The interplay of two proteins that bind to messenger RNA, a molecule that mediates translation of the information encoded in genes into proteins, triggers the appearance of fragile X-associated tremor/ataxia syndrome (FTAX), a late-life disorder associated with the gene that causes fragile X syndrome in children, said researchers from Baylor College of Medicine in Houston and Emory University School of Medicine in a report that appears August 15 in the journal Neuron.
"They are two different diseases, but they are related to one gene," said Dr. Juan Botas, associate professor of molecular and human genetics at BCM. Fragile X syndrome is the most common inherited form of mental retardation. It occurs in one in 4,000 males and one in 6,000 females.
The ways in which the two disorders occur differ. In both, the gene FMR1 contains too many repeats of the tri-nucleotide CGG. Those with fragile X syndrome have more than 200 repeats, causing the person to lack the fragile X mental retardation protein (FMRP) encoded by the gene. Those who develop fragile X-associated tremor/ataxia syndrome later in life have a "premutation" set of repeats of CGG totaling between 60 and 200. These individuals make the FMRP protein and do not develop fragile X syndrome. Previously, it was thought that 60-200 repeats had no effect on premutation carrier individuals. Now it appears that it does affect a subset of carriers, although it is unclear how many.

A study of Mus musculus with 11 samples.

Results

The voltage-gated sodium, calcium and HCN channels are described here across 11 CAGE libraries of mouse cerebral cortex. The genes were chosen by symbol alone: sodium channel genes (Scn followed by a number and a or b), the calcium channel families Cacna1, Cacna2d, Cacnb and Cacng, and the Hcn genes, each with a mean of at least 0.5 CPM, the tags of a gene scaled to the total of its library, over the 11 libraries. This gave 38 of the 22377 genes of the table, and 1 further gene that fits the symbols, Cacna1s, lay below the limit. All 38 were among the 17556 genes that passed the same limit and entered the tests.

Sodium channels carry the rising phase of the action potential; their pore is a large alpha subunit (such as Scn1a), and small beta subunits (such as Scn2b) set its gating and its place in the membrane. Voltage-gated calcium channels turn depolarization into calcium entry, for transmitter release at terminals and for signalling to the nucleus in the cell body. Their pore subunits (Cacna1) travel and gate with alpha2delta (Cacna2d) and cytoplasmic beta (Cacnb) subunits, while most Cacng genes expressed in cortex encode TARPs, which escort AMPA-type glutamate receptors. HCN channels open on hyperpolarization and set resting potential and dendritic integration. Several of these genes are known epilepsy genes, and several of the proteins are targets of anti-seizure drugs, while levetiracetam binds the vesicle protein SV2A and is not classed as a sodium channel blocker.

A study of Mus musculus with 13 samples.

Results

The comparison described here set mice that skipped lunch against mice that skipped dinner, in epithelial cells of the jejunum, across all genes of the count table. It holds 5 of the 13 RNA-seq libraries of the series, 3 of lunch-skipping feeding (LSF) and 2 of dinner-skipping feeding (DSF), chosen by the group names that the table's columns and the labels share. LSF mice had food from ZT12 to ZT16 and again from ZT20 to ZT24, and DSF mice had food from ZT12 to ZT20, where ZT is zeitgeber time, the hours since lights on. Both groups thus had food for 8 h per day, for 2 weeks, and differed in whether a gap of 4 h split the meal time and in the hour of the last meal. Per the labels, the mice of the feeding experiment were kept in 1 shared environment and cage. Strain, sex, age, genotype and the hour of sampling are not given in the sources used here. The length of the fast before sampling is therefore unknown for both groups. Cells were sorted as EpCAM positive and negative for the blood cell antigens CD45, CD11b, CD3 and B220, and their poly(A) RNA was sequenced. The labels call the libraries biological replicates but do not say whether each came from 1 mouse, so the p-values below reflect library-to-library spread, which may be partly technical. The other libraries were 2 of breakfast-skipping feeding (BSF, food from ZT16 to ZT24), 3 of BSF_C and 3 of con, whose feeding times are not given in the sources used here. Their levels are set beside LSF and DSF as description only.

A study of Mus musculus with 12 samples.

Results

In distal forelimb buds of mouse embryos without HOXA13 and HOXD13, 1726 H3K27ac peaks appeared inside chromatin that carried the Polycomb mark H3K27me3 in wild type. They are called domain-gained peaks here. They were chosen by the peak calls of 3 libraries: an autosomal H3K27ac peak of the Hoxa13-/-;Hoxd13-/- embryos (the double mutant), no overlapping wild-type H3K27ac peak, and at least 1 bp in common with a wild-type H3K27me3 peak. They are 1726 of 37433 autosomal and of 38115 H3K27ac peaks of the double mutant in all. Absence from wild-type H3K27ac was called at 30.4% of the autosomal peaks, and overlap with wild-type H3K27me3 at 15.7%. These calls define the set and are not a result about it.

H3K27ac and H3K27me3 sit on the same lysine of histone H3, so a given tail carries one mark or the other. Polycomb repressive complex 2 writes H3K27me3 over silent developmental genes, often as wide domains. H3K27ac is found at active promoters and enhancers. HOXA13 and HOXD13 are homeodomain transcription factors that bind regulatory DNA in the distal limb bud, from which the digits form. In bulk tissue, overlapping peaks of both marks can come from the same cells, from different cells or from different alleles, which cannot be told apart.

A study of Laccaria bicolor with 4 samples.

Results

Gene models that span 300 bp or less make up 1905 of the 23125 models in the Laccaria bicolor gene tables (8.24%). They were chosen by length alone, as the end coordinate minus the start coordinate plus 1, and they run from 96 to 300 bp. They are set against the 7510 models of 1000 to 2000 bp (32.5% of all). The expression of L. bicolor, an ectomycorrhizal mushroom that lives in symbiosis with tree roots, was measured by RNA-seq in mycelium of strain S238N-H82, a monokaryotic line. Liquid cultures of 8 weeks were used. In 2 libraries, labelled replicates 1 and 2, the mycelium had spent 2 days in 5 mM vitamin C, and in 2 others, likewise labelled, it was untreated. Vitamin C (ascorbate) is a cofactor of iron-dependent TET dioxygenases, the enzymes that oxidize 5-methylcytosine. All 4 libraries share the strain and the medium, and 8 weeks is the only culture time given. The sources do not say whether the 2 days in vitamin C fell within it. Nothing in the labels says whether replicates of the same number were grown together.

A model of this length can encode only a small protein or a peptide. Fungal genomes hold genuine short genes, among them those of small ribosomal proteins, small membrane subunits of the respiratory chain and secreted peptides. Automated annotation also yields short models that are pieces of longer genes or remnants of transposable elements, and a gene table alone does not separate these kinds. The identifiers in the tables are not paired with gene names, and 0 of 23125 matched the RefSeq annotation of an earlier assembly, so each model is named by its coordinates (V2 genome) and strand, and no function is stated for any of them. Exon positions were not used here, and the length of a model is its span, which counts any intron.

People with fragile X-associated tremors/ataxia syndrome suffer from tremor that becomes more severe over time. They have difficulty with walking and balance. Their disease can progress slowly over years until they have difficulty carrying out the activities of daily life. It is found in the grandfathers of children with fragile X syndrome, and it often begins when people are in the 50s and 60s. Most of those with the disease are men.
Researchers noticed that people with the fragile X-associated tremor/ataxia syndrome have higher than normal levels of messenger RNA. Messenger RNA or mRNA takes the protein's blueprint from the DNA in the cell nucleus to the protein-manufacturing ribosome in the cytoplasm (the jelly-like material that fills the cell's interior).
Studying fruit flies, Botas and his colleagues found two RNA-binding proteins hnRNP A2/B1 and CUGBP1 that are involved in the new disease. RNA-binding proteins control the metabolism of mRNA. However, these RNA-binding proteins tend to bind to CGG repeats. When there are too many CGG repeats, too many molecules of these proteins are bound to the repeats, preventing them from fulfilling their normal function of controlling mRNA metabolism.
When Botas and his colleagues created a fly with too many CGG repeats, the fly developed the neurodegenerative disease. However, when they developed a fly that made more than the normal amount of the RNA-binding proteins, the disease was much less severe.
Others who contributed to the work include Drs. Oyinkan A. Sofola, Maria de Haro and David L. Nelson, all of BCM, and Peng Jin, Yunlong Qin, Ranhui Duan and Huijie Liu, all of Emory University School of Medicine.
Funding for this research came from the National Institutes of Health, the Baylor College of Medicine Mental Retardation and Developmental Disabilities Research Center and the BCM-Emory Fragile X Research Center.